States are releasing their estimates of how much the new federal health care law will cost them. Virginia says it will amount to about $1 billion dollars over the next decade or so, but Maryland says the law will save it about $1 billion.

The key to the difference is the fact that Maryland already offers relatively generous benefits, while Virginia does not. For instance, to the tune of approximately $100 million a year, Maryland subsidizes insurance for high-risk people. John Colmers, Maryland's Secretary for Health and Mental Hygiene, says that will change.

"We will not have to do that when the insurance rules are rewritten to eliminate pre-existing condition restrictions," says Colmers.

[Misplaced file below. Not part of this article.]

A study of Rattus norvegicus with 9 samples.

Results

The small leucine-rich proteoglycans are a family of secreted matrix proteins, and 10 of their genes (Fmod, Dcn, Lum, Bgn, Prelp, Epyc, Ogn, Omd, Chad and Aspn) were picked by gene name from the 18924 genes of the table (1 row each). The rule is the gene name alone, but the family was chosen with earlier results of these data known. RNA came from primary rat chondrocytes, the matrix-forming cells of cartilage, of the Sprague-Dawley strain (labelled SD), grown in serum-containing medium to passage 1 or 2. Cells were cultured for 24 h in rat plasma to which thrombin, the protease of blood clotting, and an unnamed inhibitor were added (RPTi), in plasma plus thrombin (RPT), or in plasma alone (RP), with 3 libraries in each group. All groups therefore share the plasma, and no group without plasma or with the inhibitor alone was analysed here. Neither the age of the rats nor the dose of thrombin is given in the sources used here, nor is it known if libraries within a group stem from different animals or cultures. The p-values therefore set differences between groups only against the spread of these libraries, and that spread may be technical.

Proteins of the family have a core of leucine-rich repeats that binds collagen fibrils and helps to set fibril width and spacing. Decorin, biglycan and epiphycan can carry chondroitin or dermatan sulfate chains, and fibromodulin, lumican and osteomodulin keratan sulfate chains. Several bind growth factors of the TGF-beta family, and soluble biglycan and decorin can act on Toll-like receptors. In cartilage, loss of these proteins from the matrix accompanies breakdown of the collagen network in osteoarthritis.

There will be some cost to the new federal law. But Colmers says reductions in other services will more than make up for it in Maryland.

Not so in Virginia. Medicaid, the health insurance program for the poor, will be the Commonwealth's biggest expense. Virginia will have to cover many people who already would be covered in Maryland.

Joan Alker, co-executive director of Georgetown University's Center for Children and Families, says there are upsides to that. The federal government will pay for almost all the expansion.

"So for a state like Virginia, that has not been as generous as a state like Maryland in its coverage, they'll actually get more federal dollars and benefit more from the reform bill," says Alker.

But they’ll also have to pay more. That’s why the new law may cost Virginia money and save it for Maryland at the same time.